Matt Bush, FISM News
New reports show that Democrats have spent millions of dollars to influence GOP primaries in support of pro-Trump candidates in a controversial ploy ahead of the midterm elections.
The Democratic strategy is to push Republican voters towards what it views as less-electable, more controversial candidates in primary elections in hopes that it will give Democrats a greater chance of persuading independent voters to choose their candidate in November.
The race in Grand Rapids, Michigan is one example of this strategy.
Rep. Peter Meijer, one of 10 Republicans that voted to impeach President Trump, is locked in a battle with former Trump staffer John Gibbs who received an endorsement from Trump. To date, Meijer has spent $2.1 million while Gibbs has spent only $340,000. Democrat strategists are pulling for Gibbs to win, however, believing he be easier to beat than the more moderate Meijer, in the battleground state.
The Democratic Congressional Campaign Committee (DCCC) placed a television ad warning that Gibbs is “too conservative” and that he was “handpicked by Trump.” While on the surface it would appear that this was done as an “attack ad,” in reality the DCCC hopes that GOP voters could be pushed to vote for Gibbs because of his ties to Trump. As Politico notes, the ad would “raise Gibbs’ name ID in the district, especially given Gibbs’ campaign has not been able to air its own TV ads.”
The race in Michigan is just one race across the country where Democrats have meddled in GOP primaries.
As the midterms approach, recent polls suggest that Republicans will take over the majority in the House and that there is a good chance that they will take over the majority of the Senate as well. With 40-year inflation highs, the Hunter Biden controversy, staff defections, international missteps, the crisis at the border, and a crumbling economy, Democrats are taking up desperate measures to combat the unpopularity of President Biden and his policies.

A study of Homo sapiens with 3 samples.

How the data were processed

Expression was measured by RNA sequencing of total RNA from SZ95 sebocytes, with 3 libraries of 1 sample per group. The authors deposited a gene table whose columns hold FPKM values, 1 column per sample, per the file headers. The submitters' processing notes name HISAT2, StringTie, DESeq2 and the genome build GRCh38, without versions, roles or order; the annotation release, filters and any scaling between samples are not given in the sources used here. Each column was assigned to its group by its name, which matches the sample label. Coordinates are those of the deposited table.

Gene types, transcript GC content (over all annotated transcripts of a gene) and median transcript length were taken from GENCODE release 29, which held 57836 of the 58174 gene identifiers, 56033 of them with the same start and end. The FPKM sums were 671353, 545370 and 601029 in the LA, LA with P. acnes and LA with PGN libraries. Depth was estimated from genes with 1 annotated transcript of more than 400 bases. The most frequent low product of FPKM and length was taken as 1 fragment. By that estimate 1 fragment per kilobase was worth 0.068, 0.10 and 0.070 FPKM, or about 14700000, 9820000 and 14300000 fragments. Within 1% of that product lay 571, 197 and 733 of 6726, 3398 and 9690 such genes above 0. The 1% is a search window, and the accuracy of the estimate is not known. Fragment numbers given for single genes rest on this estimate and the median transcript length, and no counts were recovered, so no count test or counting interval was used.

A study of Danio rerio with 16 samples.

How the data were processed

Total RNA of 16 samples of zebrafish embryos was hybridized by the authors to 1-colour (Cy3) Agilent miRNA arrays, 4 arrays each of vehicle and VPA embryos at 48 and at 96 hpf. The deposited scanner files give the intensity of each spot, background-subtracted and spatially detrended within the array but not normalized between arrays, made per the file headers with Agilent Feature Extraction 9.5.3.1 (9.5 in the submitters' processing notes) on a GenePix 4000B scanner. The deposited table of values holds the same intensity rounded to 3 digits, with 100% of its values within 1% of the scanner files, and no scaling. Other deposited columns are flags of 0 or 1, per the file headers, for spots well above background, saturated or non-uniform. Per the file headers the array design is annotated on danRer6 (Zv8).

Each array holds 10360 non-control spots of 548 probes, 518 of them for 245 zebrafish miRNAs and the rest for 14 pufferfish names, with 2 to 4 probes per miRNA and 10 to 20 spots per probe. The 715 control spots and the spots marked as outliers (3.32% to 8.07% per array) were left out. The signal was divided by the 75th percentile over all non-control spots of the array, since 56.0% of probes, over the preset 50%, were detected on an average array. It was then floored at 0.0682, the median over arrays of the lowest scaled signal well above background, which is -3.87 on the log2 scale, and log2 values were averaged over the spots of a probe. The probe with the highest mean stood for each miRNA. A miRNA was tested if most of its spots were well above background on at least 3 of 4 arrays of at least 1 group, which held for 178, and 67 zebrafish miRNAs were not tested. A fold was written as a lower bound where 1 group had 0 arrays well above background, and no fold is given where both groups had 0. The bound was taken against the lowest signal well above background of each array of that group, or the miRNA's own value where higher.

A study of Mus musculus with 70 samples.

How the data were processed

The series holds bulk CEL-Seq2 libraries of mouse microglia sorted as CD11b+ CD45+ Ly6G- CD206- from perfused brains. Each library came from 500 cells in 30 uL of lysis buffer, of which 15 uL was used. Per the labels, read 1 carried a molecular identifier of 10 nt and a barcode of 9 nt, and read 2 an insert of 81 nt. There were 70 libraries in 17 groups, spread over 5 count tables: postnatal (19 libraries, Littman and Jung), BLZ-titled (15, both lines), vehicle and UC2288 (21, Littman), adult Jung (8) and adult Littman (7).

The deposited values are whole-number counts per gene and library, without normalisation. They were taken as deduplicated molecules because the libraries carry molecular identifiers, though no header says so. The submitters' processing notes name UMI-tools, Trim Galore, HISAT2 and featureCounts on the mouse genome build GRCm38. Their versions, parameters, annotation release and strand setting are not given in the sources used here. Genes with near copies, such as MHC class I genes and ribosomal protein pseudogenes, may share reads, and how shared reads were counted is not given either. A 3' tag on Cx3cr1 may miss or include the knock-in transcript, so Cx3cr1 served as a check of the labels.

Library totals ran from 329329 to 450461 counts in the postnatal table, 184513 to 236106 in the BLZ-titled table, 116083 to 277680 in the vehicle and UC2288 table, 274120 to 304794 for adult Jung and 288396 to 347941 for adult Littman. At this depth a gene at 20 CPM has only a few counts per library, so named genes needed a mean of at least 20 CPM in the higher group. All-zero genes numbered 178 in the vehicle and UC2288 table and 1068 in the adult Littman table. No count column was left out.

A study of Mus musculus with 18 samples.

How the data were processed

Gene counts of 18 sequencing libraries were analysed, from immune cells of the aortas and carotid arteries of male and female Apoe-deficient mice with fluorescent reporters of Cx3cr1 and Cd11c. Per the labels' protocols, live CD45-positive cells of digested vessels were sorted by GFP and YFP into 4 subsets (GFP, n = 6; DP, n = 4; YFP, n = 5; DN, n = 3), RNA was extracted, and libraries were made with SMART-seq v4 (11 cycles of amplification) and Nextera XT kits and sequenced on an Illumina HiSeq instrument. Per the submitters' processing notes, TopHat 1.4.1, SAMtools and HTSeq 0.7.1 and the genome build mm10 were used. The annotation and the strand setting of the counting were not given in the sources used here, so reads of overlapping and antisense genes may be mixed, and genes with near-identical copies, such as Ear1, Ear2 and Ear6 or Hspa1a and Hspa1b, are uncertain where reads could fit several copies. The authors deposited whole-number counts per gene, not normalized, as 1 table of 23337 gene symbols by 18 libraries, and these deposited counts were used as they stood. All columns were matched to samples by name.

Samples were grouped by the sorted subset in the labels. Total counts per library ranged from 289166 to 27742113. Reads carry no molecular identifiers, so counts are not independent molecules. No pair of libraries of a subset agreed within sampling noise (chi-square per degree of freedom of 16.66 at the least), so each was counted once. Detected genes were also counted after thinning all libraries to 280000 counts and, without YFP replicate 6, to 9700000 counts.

While history shows that intervening in the other party’s primaries can be successful and provide more winnable general elections, it can also prove to backfire. In this instance, Democrats may be playing with fire, as Trump has proven to have a loyal, passionate base who come out to the polls in droves.
The Democratic party is hoping that the highly publicized, one-sided Jan. 6 congressional hearings, in which Trump was called a “threat to democracy,” will chip away further at his image and cause independents to avoid candidates who have any ties to the former president.
However, even those within their own party have warned that this could be counterintuitive, with voters seeing the strategy as “cynical and hypocritical.” CNN’s John Avlon said that for all the “righteous talk” of Democrats, the move has the party “trying to meddle in Republican primaries, not to aid honorable Republicans but to try to kneecap them.”
“It’s a dangerous game to play because, with the gravitational pull of the midterms moving away from the president’s party, there’s a non-zero chance that some of the more extreme candidates could win, despite being objectively worse fits for their districts,” Avlon added.